On Studybay you can order your academic assignment from one of our 45000 professional writers. Hire your writer directly, without overpaying for agencies and affiliates!
Check price for your assignment
These suggestions deal mainly with the themes in the poetry, but in addressing these themes a good essay will refer to the poetic devices used by the poet to explore the themes and get them across to the reader. You cannot and need not refer to all the poetic devices used, but you should focus on the most prominent ones at work in the poem you are analyzing. Any essay on poetry will only be useful if it makes frequent, observant reference to the detailed language of the poem. This does not mean you should quote long passages without comment, but key lines or phrases should be quoted and worked into your own sentences. See “Requirements for Essays,” “7g. Quoting Poetry” (downloadable from the U. of S. Department of English web site, http://artsandscience.usask.ca/english/pdf/RequirementsForEssays.pdf).
A “topic” provides you with a subject, and perhaps a title, but it will usually not provide you with a THESIS or argument (but see exceptions below, #3, #5, #8, #10). Your thesis is a one-sentence summary of your full argument. Make sure you move from your topic or subject to an argument about that subject, and support your argument by examining the evidence you see in the poem. In order to deal with any of these topics in 1000 words, you will need to focus your discussion carefully and make a rigorous selection of your evidence. Give yourself time for revision, for at least three drafts, to digest your argument and refine it down to the essential points you want to make. Remember, it takes more time and thought to write a shorter essay, than a longer one!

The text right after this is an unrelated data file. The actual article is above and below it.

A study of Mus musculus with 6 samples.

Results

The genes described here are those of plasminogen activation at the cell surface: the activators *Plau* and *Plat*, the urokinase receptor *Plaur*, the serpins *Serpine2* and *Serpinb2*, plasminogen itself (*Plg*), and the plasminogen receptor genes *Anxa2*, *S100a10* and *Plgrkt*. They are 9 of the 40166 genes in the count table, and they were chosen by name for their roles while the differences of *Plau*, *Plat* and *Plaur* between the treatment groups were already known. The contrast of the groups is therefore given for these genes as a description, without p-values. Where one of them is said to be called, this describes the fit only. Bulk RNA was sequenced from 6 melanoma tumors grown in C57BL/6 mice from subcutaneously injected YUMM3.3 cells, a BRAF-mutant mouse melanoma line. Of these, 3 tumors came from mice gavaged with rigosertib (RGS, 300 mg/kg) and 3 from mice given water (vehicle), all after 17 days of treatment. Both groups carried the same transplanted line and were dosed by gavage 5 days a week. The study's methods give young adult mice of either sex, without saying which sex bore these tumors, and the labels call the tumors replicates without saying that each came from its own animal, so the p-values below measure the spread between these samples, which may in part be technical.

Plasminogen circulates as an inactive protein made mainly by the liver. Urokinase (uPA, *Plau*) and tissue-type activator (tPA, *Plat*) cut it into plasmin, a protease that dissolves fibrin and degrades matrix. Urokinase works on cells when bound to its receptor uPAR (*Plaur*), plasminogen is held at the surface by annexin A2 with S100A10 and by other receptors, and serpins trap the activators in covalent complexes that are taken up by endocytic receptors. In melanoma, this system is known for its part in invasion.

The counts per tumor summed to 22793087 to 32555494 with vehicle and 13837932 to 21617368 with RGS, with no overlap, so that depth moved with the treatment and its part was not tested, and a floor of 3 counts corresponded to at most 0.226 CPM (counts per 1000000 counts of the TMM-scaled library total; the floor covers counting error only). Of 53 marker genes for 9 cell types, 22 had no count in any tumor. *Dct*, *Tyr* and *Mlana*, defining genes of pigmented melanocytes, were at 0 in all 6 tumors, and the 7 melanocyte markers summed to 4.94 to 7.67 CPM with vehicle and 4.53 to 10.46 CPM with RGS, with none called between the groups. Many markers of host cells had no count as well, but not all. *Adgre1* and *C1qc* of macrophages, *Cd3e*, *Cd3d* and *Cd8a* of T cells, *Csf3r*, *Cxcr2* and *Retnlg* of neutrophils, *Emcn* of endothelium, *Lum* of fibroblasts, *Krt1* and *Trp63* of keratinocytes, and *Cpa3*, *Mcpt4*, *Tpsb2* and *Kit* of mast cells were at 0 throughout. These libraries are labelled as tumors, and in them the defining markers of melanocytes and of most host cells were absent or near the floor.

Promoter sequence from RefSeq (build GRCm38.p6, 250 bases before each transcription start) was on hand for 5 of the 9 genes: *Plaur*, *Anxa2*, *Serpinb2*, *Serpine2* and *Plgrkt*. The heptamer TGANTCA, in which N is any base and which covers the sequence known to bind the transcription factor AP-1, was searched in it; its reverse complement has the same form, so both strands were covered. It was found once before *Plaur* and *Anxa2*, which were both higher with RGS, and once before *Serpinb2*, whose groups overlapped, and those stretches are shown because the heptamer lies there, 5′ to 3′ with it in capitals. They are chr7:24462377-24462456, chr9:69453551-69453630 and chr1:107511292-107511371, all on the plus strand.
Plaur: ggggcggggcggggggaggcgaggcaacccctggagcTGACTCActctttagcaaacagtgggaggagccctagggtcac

A final note: you are NOT expected in this essay to draw on secondary sources or criticism. You are expected to develop your own interpretations, in light of your reading of the poems, as guided by our discussion in class. EVERY essay you write in English should consist mainly of your own personal interpretations, even when informed by your lecture notes and, it may be, by other criticism. If you have consulted interpretations or information from other sources, and if you wish to work them into your personal discussion, you must acknowledge and cite these in the proper form, as explained in “Requirements for Essays” (see especially “5. Plagiarism,” and “6. Documenting Sources”). You must also acknowledge and cite any reference works you use, such as a dictionary or literary handbook. If you find yourself drawing on your professor’s interpretations, as taken directly from your notes, you can acknowledge your borrowings with a brief reference in parentheses (e.g., Professor Zichy, English 111 lecture). You could then list your notes on your “Works Cited” page (e.g., Professor Zichy, English 111 Notes, 2017).
Argue this thesis: “Lord Randall” (like “The Douglas Tragedy”) dramatizes the conflict between love and the social structure within which the lovers find themselves. You would naturally play especial attention here to the mother of Lord Randall as a main actor in the story, and in its telling. You need to comment, also, on the method by which the story is told, the “incremental repetition,” the use of dialogue, the creation of suspense and uncertainty. There will, again, be an opportunity to discuss “ballad irony,” irony of situation or circumstance, in this poem.
These suggestions deal mainly with the themes in the poetry, but in addressing these themes a good essay will refer to the poetic devices used by the poet to explore the themes and get them across to the reader. You cannot and need not refer to all the poetic devices used, but you should focus on the most prominent ones at work in the poem you are analyzing.